In Reina James' debut novel, This Time of Dying, a sense of Edwardian propriety plays out against the horrors of the 1918 influenza epidemic. In London, desperate methods were used to prevent the spread of the disease, streets were sprayed with chemicals and people wore anti-germ masks.
Despite these valiant attempts, most of treatments devised to cope with this new strain of influenza were completely ineffectual.
When Dr. Thomas Wey suddenly collapses and dies outside of Henry Speake's funeral parlor, he leaves behind a letter addressed to Sir Arthur Newsholme, Principal Medical Officer of the London Administrative Board, which warns that if the movement of troops are not stopped and the ports are not closed, the world will face an imminent plague so virulent that it could wipe out all of humanity.
Henry's first thought is that Wey is most likely a lunatic, so he decides not to post the letter, even though there's proof afoot of a sudden rise in an unexplained sickness, a strange form of flu. It isn't until death hits close to home and Henry's young nephew Samuel suddenly dies of the infection that this mysterious virus becomes almost impossible for Henry to ignore.
At the same time, he notices that Samuel's purplish-blue coloration is similar to that of Wey's; many of the deceased are in fact grayish in color. Throughout his career, Henry has
seen no shortage of grim sights, but the appearance of these flu victims, all bloated and blue, many of them bleeding from the nose just before death, end up turning the funeral director's stomach.
Late at night, Henry seeks solace by playing his beloved piano, but he's also hoping to find a measure of comfort in Allen Thompson, a middle-aged schoolteacher
with whom he attends the occasional concert recital. With all concerts cancelled and everything all but closed, Henry wonders if he is ever going to see Allen again.
Allen must also face the tremendous challenges of the epidemic. Appalled that her school has been required to close because of sickness, she's forced to stay at home, left to care for Lily, her bed-ridden older sister, who in turn is becoming increasingly paranoid over the movements of their maid, Ada, whom Lily is convinced is a German spy and is out to poison her.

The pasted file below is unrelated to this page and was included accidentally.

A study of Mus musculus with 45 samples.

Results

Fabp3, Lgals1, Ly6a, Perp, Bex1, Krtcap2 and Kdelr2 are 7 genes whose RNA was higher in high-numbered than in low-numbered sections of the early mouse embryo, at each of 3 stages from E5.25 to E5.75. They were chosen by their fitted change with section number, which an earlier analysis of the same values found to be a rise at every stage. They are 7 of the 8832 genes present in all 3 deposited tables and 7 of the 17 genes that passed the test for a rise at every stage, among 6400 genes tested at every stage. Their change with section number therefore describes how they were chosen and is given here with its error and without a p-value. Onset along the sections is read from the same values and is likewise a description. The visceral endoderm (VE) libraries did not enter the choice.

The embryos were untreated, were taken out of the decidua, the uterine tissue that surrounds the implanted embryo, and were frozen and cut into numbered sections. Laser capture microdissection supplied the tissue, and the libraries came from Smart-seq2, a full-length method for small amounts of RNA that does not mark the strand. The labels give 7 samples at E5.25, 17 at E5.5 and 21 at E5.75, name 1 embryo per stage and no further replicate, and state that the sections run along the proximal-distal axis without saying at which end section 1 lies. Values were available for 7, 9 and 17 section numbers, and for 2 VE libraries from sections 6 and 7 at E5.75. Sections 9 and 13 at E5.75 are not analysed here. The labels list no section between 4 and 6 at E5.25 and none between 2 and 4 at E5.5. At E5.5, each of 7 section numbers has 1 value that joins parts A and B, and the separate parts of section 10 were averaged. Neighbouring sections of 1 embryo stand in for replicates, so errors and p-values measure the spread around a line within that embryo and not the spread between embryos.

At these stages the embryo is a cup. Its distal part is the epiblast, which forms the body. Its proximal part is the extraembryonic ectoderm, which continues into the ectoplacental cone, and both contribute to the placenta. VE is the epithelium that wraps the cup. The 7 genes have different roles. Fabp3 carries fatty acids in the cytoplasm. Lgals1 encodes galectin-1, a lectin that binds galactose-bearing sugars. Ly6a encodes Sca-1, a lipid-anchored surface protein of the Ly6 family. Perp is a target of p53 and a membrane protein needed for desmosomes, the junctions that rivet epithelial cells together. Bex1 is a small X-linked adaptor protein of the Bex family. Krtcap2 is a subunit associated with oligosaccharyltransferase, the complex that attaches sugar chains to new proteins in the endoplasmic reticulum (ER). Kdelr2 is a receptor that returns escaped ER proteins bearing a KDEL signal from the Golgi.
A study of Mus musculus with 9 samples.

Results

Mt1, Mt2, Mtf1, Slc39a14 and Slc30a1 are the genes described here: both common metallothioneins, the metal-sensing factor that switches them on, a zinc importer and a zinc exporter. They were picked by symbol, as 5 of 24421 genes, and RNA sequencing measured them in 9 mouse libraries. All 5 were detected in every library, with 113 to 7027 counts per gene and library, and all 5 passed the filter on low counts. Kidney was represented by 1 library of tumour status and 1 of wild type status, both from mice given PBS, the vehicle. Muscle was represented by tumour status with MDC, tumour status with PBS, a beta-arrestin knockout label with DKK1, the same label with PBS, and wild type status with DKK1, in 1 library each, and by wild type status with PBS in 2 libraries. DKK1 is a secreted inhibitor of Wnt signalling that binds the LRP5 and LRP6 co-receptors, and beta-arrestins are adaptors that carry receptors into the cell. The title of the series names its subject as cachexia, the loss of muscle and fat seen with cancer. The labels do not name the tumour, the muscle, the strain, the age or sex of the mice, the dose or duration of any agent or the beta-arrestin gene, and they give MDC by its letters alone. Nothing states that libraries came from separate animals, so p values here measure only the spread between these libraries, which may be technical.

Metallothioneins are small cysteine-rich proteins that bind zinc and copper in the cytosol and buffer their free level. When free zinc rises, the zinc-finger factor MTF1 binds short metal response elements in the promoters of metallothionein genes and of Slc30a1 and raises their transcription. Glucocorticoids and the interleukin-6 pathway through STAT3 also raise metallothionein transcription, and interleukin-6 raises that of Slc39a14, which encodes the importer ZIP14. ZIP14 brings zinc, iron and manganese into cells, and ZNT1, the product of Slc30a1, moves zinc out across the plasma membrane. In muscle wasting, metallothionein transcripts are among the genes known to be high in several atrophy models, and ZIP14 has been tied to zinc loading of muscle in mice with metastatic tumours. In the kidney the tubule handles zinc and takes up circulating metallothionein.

Under so much pressure, it's not surprising that Allen is drawn to Henry, even though everyone is quick to remind her that he's considered "far below her station."
Regardless of what her work colleagues say, Allen finds reassurance in Henry's stoicism and steady likeability, and also in his music, the simple remedy of this new experience doing much to invigorate her.
James' characters are forced to confront the reality of their situation. Risking infection, Ellen, along with her best friend, Ruth, visits the houses of the sick and dying, feeding the surviving children and bathing the dead.
In a world where entire families have been brought to bed, Henry's older sisters, Sarah and Nora, are determined to try and help out wherever and whenever they can.
The sheer number of people falling sick threatens to overwhelm Dr. Tite, just as poor Ada is forced to secretly harbor Gladys, her sick girlfriend, in an upstairs room of Allen's house. In the interim, the selfish Lily stays ensconced in her bedroom, punctuating silences with outbursts of ill-considered opinions and even going on a hunger strike when she learns that Allen refuses to get rid of Ada.
With the numbers of the sick and the dead mounting, Henry and the other funeral directors find themselves under increasing pressure - the need to get the bodies buried and out of the way of the living, even though supplies of wood are low and there arenít enough men to dig the graves: "we'll end up wrapping the bodies in shrouds and burying them in the pits. "
James excels in bringing this repellent subject matter to life as she describes the locked and deserted shops
(each with its own handwritten notice saying, "closed due to sickness"), the people walking the streets with their heads lowered, hands on their pockets, compact, masked, trying desperately warding off infection by means that in most cases proves ultimately quite useless.
It's almost impossible to imagine how these people coped with the wave of death and illness that swept across their communities, decimating almost everyone in its path. Certainly there's an innate stoicism that seems to drive these people on, even in the face of death, and at one stage Henry admits, "so long as we were able to work, we had no choice but to carry on." It's certainly a testament to Henry's inherent fortitude that he can maintain this attitude in the face of such a calamitous and chaotic world.